The pre-sales process is one of the trickiest and most important elements in determining whether or not your new club will be successful when it opens. The steps to a great pre-sale (the time prior to a club opening when you market the club and begin to accept members) are many. If this is your first club, I would highly recommend hiring a consultant to help you. However, if you are determined to do this on your own, you must keep several things in mind.

Perhaps one of the most important first decisions you will make is when to start the pre-sales process. Here are some things you must complete before you begin pre-sales:

  • You have done your due diligence.
  • You have signed your lease to your club.
  • Your architect has started reviewing your program needs and measuring them up against the floor plan.
  • Your architectural plans have been completed and submitted to the township for final review and approval.
  • You have hired a general manager.
  • You have talked with your general contractor, architect, landlord, equipment manufacturer and interior designer to determine the dates they say they will be finished.
  • You have set an opening date, factoring in unforeseen obstacles, such as bad weather, misrepresentations and miscalculations, that could delay the opening.

Most clubs start selling memberships at the end of construction because having a prolonged pre-sale is not advisable and will turn off potential members, especially if you have delays that require a lot of new projected opening dates.

Pre-sales is beneficial in several ways. It:

  • Creates excitement in the market.
  • Enables the club to begin marketing efforts and get a head-start on building the membership base.
  • Creates a membership base to market to.
  • Begins building a solid reputation for the club.
  • Helps “brand” your name.
  • Builds teamwork.
  • Allows you to evaluate staff before actual opening.
  • Gauges marketing and advertising venues and efforts.
  • Gets the word out that the club is close to opening.


  1. Planning. Write up a plan for pre-sales, starting with writing down the planned opening date. This date should be as close to 100 percent accurate as possible because you want to start selling memberships no more than three months prior to the club opening date. Your next step is to determine the membership rates and project the number of new membership sales required. Develop a three-month pre-sales marketing, advertising and public relations plan to back up the sales effort. Make sure to include fixed costs (set budgets) on all initiatives. Decide where the pre-sales office will be located and what staffing is needed for pre-sales. Do your homework on fitness software and sales training tools. Make a list of everything needed to begin pre-sales.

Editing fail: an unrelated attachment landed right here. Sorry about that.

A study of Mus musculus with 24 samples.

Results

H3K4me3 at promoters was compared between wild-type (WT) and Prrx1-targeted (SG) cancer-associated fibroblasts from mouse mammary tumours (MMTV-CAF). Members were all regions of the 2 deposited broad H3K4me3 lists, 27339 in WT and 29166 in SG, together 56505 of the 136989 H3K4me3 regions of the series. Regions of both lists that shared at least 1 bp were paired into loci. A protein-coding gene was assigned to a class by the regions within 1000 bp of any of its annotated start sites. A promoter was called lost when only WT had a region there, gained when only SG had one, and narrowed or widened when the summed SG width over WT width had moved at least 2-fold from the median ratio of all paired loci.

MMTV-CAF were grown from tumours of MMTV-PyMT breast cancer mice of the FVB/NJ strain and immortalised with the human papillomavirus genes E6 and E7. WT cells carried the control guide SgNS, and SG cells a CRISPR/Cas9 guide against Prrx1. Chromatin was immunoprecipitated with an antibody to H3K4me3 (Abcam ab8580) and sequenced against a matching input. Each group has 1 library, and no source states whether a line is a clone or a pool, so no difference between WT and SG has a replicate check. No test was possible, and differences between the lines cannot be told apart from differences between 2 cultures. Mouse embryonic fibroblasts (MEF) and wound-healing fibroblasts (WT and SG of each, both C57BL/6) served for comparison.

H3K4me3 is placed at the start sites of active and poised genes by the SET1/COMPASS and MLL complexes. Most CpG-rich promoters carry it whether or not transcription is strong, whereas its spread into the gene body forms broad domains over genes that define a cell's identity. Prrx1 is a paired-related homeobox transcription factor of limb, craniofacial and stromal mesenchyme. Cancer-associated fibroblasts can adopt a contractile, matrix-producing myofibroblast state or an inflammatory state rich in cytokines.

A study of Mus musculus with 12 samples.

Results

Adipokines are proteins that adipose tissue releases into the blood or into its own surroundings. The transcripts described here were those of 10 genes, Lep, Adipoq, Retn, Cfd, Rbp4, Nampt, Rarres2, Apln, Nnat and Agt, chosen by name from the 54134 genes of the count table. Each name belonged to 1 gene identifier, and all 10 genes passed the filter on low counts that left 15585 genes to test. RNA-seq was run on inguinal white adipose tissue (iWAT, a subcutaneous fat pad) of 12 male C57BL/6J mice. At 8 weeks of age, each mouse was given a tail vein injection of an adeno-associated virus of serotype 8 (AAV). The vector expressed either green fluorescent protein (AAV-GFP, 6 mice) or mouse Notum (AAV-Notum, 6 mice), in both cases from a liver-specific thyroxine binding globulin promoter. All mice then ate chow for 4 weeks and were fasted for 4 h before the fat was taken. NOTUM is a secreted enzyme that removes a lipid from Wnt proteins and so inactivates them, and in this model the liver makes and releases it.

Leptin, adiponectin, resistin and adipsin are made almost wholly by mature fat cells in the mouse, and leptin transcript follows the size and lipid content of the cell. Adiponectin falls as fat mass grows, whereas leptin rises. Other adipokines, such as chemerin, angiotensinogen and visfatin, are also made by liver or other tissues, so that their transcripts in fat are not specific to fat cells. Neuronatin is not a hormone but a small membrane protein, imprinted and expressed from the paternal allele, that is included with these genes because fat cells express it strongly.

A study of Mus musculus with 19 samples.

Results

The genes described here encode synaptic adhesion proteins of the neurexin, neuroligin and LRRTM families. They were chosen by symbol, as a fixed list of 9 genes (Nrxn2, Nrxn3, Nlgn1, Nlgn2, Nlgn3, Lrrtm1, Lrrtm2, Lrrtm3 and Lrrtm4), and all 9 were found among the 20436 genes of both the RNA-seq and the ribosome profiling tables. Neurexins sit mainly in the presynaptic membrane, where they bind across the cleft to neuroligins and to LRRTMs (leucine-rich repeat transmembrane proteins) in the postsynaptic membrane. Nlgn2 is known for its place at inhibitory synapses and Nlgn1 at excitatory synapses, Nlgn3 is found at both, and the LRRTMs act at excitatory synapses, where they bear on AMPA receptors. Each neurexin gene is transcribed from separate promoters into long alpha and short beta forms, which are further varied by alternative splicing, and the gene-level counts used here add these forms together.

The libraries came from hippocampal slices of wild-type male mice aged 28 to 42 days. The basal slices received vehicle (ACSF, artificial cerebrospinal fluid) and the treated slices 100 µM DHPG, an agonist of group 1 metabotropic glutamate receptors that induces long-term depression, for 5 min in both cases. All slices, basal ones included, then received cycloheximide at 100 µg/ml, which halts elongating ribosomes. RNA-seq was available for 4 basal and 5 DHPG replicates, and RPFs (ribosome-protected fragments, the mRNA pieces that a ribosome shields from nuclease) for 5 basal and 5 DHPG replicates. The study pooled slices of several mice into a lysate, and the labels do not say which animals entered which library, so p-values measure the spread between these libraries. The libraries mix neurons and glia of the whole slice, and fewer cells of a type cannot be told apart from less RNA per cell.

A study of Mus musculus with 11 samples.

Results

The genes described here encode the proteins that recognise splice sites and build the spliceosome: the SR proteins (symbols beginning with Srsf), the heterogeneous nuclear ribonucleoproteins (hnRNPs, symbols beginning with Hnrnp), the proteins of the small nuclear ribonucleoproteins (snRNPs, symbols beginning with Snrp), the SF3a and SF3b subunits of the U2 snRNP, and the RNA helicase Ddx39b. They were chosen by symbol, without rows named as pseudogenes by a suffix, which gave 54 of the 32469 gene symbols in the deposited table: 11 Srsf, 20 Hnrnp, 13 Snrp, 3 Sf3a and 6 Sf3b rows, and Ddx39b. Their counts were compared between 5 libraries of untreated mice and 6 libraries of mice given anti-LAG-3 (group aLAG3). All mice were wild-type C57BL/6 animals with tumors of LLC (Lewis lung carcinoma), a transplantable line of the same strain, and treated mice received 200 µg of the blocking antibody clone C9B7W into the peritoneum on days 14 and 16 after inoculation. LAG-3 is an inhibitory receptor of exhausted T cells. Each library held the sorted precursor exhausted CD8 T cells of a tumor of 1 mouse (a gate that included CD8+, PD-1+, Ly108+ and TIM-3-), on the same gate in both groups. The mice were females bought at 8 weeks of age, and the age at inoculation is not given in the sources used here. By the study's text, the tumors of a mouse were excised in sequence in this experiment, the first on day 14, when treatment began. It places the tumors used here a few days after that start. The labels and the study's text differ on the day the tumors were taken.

2. Organizing. Gather all items needed in the planning stage. Divide up and assign job tasks. Make a calendar of dates and times of events. Determine the personnel needed to operate the pre-sales effort. Set up sales offices, the reception area and marketing material.
  3. Staffing. Decide on the management structure needed to operate the club, then start hiring beyond your general manager. You must hire a sales manager and sales associates. You may need to hire a receptionist if you experience high traffic. After you hire your staff, you need to train staff on policies and procedures, role playing and reviewing scripted presentations and greetings. Then, you must make a master work schedule and keep to it.
  4. Implementation. Implementation is when you start your pre-sales effort, following your marketing plan and selling memberships. You and your general manager must set the example, doing everything in accordance with your plan. If something needs to be adjusted, write up an amended plan, communicate the adjustment with your staff and make the change as a team.
  5. Control. Hold everyone accountable for their individual responsibilities and sales goals. Make it clear that all budgets must be reached and maintained. Track and measure all marketing, advertising and public relations initiatives. React to market conditions and make adjustments as needed.

To do all of this, you must have a good marketing plan. The goal of the marketing plan is to develop market awareness and to brand your new club so everyone knows what your club is and why they need to join. Good marketing plans require a realistic and well-managed marketing and advertising budget. Because you have finite dollars dedicated to pre-sales, make sure your marketing plan is developed within those limitations.

The basic formula for pre-sales marketing is a combination of direct mail, newspaper ads, radio spots, billboard displays, lead boxes, door hangers, guest passes, social networking, email blasts, internet/ecommerce and general outreach.

A well-thought-out and executed pre-sales campaign has many benefits, the best of which is that you open your new club with 1,000 or more new members sharing with their contacts what a great new club they joined.

Tony Santomauro is owner and president of The Santomauro Group, a health, fitness, martial arts and sports consulting and management company. Santomauro, a 35-year health and fitness veteran, was co-founder and former president of Can Do Fitness Clubs in New Jersey for the past 12 years. He has extensive direct/corporate sales and marketing experience as well as expertise in advertising, public relations, martial arts and kids programming, equipment layout and design, class and fitness programming and all operational aspects in the field. He is an internationally certified Kukkiwon black belt. He can be contacted at tonysantomauro@thesantomaurogroup.com or 973-396-2100.